Pilot Surveys on Identification of a Failed Engine in Twin-Engine Propeller Aircraft

Dr. Andrew R. Dattel


Twin-engine propeller aircraft accidents occur for many reasons including human factors, such as misidentifying a failed engine. Engine misidentification has led to several fatal accidents. Babin, Dattel, & Klemm (2020) found that, in a simulated engine failure scenario, using a visual indicator for engine identification resulted in significantly lower response time than the “dead leg-dead engine” procedure. To better understand the pilot perspective regarding the issue of engine failure and the method used for the identification of a failed engine, opinions and feedback were collected via surveys. Method: Two surveys were created and distributed among pilots to gather their opinions regarding the issue. Survey One was completed by airline pilots operating twin-engine turboprop aircraft; Survey Two was completed by instructor pilots operating light single- and twin-engine piston aircraft. Results: Forty-nine airline pilots and twenty-three instructor pilots responded to the survey. The average flight experience was 6,000+ flight hours/nine years for airline pilots and 420 flight hours/four years for instructor pilots. Approximately nineteen percent of airline pilots and half of the instructor pilots had had to utilize the engine-out procedure in their prior experience. Most respondents felt comfortable with the current method of identification of a failed engine. Twenty-nine percent of airline pilots and fourteen percent of instructor pilots agreed with the statement that there could be a better method of identification of a failed engine. Forty percent of all pilots who provided suggestions for improvement to the current method (both surveys combined) recommended adding a visual indicator to help with the identification. The results of the surveys provide greater insight into the problem of engine misidentification and suggest that many pilots favor visual cues, supporting findings described in Babin et al. (2020).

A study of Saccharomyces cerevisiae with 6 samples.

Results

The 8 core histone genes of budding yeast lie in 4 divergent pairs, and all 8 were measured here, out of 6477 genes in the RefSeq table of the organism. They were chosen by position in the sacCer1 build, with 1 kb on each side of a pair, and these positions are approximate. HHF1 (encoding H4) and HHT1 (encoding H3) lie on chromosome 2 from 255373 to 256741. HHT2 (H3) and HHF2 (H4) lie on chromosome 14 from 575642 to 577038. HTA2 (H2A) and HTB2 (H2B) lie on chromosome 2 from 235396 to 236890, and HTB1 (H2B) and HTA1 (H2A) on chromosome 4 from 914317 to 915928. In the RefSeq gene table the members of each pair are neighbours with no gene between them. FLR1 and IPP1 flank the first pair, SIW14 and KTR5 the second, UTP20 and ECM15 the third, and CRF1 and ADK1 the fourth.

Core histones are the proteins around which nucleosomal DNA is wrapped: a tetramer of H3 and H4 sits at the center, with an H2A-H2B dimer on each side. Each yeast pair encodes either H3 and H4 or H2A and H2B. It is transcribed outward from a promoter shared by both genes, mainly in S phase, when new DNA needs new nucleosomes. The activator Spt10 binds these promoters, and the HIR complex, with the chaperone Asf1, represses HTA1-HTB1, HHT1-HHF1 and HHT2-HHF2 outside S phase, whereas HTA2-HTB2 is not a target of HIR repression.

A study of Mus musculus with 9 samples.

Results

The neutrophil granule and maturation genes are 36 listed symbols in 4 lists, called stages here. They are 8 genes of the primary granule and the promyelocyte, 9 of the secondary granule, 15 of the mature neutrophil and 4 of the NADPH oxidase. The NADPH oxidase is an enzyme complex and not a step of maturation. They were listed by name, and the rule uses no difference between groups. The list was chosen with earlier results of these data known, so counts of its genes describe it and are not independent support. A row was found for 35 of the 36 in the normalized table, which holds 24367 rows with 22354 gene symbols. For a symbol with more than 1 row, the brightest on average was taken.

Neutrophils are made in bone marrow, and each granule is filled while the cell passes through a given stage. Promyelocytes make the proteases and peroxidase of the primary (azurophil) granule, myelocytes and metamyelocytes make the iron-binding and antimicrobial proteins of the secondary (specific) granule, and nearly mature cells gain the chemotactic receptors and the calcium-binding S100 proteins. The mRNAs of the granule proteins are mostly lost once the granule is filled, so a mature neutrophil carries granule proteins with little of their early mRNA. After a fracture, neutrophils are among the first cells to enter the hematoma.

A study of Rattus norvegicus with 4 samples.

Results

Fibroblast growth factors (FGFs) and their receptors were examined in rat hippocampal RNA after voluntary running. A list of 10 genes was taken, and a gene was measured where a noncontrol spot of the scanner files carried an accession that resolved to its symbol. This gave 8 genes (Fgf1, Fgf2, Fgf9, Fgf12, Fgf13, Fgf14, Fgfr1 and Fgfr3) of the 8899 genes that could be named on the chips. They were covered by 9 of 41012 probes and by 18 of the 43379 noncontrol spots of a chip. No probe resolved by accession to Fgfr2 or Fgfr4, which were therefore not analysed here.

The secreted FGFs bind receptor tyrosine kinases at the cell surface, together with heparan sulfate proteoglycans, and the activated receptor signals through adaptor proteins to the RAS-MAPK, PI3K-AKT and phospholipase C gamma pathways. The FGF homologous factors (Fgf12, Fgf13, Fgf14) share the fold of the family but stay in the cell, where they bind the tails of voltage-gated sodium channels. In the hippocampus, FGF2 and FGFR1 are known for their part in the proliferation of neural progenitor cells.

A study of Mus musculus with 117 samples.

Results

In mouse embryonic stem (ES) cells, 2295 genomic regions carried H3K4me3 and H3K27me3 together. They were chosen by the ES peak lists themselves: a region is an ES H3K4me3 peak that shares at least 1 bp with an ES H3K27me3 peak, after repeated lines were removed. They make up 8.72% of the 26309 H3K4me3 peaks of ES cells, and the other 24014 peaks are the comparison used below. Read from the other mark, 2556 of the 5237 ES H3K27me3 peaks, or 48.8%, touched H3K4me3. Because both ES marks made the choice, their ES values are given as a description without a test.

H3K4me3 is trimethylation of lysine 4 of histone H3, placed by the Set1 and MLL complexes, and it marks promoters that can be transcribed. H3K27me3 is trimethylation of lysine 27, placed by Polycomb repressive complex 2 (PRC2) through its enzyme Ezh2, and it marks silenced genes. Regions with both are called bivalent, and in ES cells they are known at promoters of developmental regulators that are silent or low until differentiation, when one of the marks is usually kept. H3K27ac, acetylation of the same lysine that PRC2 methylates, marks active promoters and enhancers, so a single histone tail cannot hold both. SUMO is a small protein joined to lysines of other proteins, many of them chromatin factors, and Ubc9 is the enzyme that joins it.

Author Biography

Dr. Andrew R. Dattel, Embry-Riddle Aeronautical University

Andy Dattel is Associate Professor in the School of Graduate Studies at Embry-Riddle Aeronautical University in Daytona Beach, FL, USA, and the Director of the Cognitive Engineering Research in Transportation Systems Lab. He holds a PhD in experimental psychology with a concentration in human factors from Texas Tech University.